Madrid: S. Williams d. Suarez Navarro


But it tells you something about Williams—as well as about the fundamentals of her match-up with Suarez Navarro—that she still won in a hour-and-a-quarter, 6-2, 6-3.

If you were Suarez Navarro, you had to go into this match hoping that Williams would be sluggish and erratic, and that you also might pop a good number of first serves into play. For she had won a grand total of five games in three previous matches against Williams, and in their most recent engagement, at the 2013 U.S. Open, the diminutive Spaniard had been clobbered, love-and-love.

Suarez Navarro’s hopes came to fruition, but the bad news is that it didn’t appear to make much of a difference, other than allowing her to pad her dismal stats against the top seed in Madrid.

Williams opened with three unforced errors and a double fault that handed Suarez Navarro a game. Alas, Suarez Navarro was unable to capitalize, broken right back as Williams unrolled her non-strategic strategy.

The world No. 14 stands just 5-foot-4, and even proportionately her serve is merely so-so. It was no secret that Williams would feast on that serve, clubbing every return in an attempt to overpower Suarez Navarro or, in the worst case scenario (but still a great one), push her back and put her on the defensive.

Given the limited reach of Suarez Navarro, even her spirited, sometimes downright heroic defense was unable to deal with the strain. But this was a bad day for Williams, as evidenced by the fact that five of the first six games featured break points, and when the smoke cleared Williams led by only 4-2. But while Suarez Navarro was getting a decent number of first serves into play, she was winning the ensuing point under 30 percent of the time.

That’s an abysmal stat, and it was underscored when Suarez Navarro served to stay in the first set at 2-5. Williams unloaded with every return, and despite some spectacular defense, Suarez Navarro found herself at deuce. After hitting a return winner, Williams’ next return forced Suarez Navarro to rush her backhand response. She drove it into the net and lost the set.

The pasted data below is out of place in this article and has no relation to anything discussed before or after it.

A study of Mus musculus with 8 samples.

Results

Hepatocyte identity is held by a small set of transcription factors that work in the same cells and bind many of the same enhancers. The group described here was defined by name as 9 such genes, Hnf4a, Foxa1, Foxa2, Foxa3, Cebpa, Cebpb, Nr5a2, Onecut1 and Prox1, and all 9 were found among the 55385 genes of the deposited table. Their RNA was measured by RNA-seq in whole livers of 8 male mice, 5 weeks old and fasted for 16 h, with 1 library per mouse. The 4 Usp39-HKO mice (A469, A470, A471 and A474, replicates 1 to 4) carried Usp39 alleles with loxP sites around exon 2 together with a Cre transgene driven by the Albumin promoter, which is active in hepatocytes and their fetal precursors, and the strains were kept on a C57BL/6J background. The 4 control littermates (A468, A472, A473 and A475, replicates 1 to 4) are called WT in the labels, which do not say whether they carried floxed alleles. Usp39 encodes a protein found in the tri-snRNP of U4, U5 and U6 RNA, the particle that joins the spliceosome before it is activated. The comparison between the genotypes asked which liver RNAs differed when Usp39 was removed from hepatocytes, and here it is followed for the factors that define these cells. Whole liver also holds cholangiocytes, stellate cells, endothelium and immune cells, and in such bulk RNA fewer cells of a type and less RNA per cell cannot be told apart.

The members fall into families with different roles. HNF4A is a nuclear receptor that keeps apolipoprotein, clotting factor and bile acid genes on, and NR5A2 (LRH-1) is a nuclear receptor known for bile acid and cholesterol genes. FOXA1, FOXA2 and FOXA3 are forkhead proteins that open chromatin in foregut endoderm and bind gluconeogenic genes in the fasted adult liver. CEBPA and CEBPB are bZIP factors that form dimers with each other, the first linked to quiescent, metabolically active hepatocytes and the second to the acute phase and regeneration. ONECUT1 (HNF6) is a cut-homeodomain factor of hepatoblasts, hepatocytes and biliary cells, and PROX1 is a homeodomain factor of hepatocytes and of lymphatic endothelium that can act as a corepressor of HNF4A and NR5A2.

Any suspicions that winning the first set ironed out the kinks in Williams’ game were quickly dispelled in the next game—a service break for Suarez Navarro. And while the underdog was once again unable to hold her own serve, she broke Williams yet again to lead the set 2-1.

If a match like this can said to have a turning point, it probably was in the next game. Suarez Navarro threatened to hold for the first time and build on her lead when she jumped ahead 30-love. Williams won the next point. Then, following a brief rally, Williams lofted a poor lob and Suarez Navarro, her chin practically resting on the net-cord, botched a smash by going for an extreme cross-court angle. The ball landed eight feet outside the sideline. It was a ghastly mistake and it ended up costing her the game for 2-all.

Suddenly, the complexion of the match changed. Williams held the next game at love. Improbably, Suarez Navarro replied with a love hold of her own—her first hold of the match. Williams held at love again, then looked like her more familiar self as she attacked Suarez Navarro mercilessly, mixing drive volleys, rally winners, and service returns to break for 5-3. Williams served it out with her third consecutive love game.